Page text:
Thursday, May 04, 2006

Fictitious surprise

I have a rather large collection of picture books — 500-plus and growing. Many of them are biographies, so I had assumed. A biography is not too hard to figure out. Right? Wrong, not until you read the fine print. Many of the biographies in my collection are not biographies at all, but fictionalized accounts. Geez, I never knew. Is that ok? Must be 'cause many of those books also have those little golden awards stickers attached, a ringing endorsement of the fictionalized biography, as far as I can tell. I'm throwing out this manuscript I've been slaving over — this step-by-step, ho-hum retelling of events, and telling the story I'd really like to tell: The fun one where I’ve filled in the holes with a handful of creative license.


No, I know it's not Thursday like this post states. But, for some reason, Blogger won't let me post more than one post per day with out making it a new day. So, don't feel silly pretending it's Wednesday — 'cause it is.


Kim said...

I thought of you at critique group the other night (before I spotted your book, even!) when one of our members brought a book she purchased on vacation. It was a book about the Titanic--told from the perspective of a MOUSE on board the ship! Hmmmm....maybe you could use a device like this???

rindambyers said...

My college training in history and (my intense research into quilting history) steps in here:

I think what happens in children's picturebooks is that everyone, including the authors and award givers, get carried away wtih a good story. Then teachers desperate for curriculum start using the books as nonfiction. I think the problem is a serious one. The awards are givin as measures of the quality of literary fiction. They forget that, when it comes to historical/biographical things the INTERPRETATION of facts is JUST as important as getting the facts correct. It's called "bias." And when you do a biography, you need to very clear, somewhere, in teh front or back of that book, about your bias as the teller of the story. Is it a fictionalized account? How fictionalized? Or is it a serious attempt at a nonfiction biography and please list your sources, whatever the case.

I can think of several examples of very seriously misinterpreted historical/biographical subjects in picturebooks, and serious it is, because teachers teach these heavily fictionized subjects like nonfcitional facts to children; the genre seems particularly vulnerable to this sort of thing. We need to TELL THE TRUTH to children when it comes to history/biography. Tell them what is fictionalized. Tell them what the facts are. Let them decided how they will react to your facts.

An excellent example of poor quality history in a picturebook ? "Sweet Clara and the Freedom Quilt." The story has no basis, whatsoever, in written/oral/anthropologic/historic fact. None. There is no historical evidence at all that quilts were ever used in the way described in the book during slavery times--particularly if you research the facts wtih respected African-American quilt historians. Even the name "Sweet Clara" is insulting. You would NEVER call a white American child "sweet" in front of his or her name. Yet the "myth" of the Underground Railroad Quilt Code is now taught in large nunmbers of gradeschool curriculums as fact, in large part due to this one book. A very pathetic example of how truth so often gets covered up and twisted in history picturebooks. In truth, the storye is a totally fiction, a complete fabrication, a myth, a story. This is an excellent example of a well told picture book story, lovely pictures, that still is seriously flawed. It portrays a "reality" that never existed at all.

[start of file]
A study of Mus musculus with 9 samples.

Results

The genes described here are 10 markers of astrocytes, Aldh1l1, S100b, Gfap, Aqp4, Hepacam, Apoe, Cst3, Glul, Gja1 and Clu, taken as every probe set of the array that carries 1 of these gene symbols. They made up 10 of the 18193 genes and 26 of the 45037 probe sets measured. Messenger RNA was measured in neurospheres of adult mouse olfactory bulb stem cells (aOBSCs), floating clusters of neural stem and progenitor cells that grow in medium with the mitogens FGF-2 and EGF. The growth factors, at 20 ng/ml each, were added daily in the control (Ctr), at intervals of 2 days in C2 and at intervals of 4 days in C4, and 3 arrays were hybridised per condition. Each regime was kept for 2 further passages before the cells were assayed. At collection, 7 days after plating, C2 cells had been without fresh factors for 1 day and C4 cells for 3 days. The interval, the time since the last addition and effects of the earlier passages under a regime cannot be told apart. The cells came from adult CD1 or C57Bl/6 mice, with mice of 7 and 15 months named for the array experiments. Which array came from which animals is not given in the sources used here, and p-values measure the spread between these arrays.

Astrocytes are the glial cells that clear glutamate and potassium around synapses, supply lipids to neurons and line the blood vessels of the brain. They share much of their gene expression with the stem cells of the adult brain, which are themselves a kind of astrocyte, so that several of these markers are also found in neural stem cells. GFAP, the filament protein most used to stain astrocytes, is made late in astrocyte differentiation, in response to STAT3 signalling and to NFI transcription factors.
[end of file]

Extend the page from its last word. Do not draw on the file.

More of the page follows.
That being said, remember too, the line between fact and fiction in history is always a debatable one. All history involved bias, involves a certain degree of creative license, has bias. The need is just be honest to some extent somewhere in the book about what the degree of that license, that bias is so the reader knows where you, the teller, are coming from.

Don Tate II said...

Rinda, I have some issues with that book myself, but won't get into publically. I'm going to post some thoughts on this topic (slavery) next week.

rindawriter said...

Forgot to add that I have also read/watched documentaries, etc., a great deal about slavery in America, including records of the oral narratives from folks who used to be slaves. Also, about the slave situation in South America, treatment of Indians, etc. Again, the upsetness on the quilt issue is not coming from me as from respected African-American quilt historians and white ones as well, people who really know what they are doing and know so much more than I do. So, it's not my issue as much as theirs, but I did, of course, reasearch intensely to answer my own questions about it and am satisfied with their research.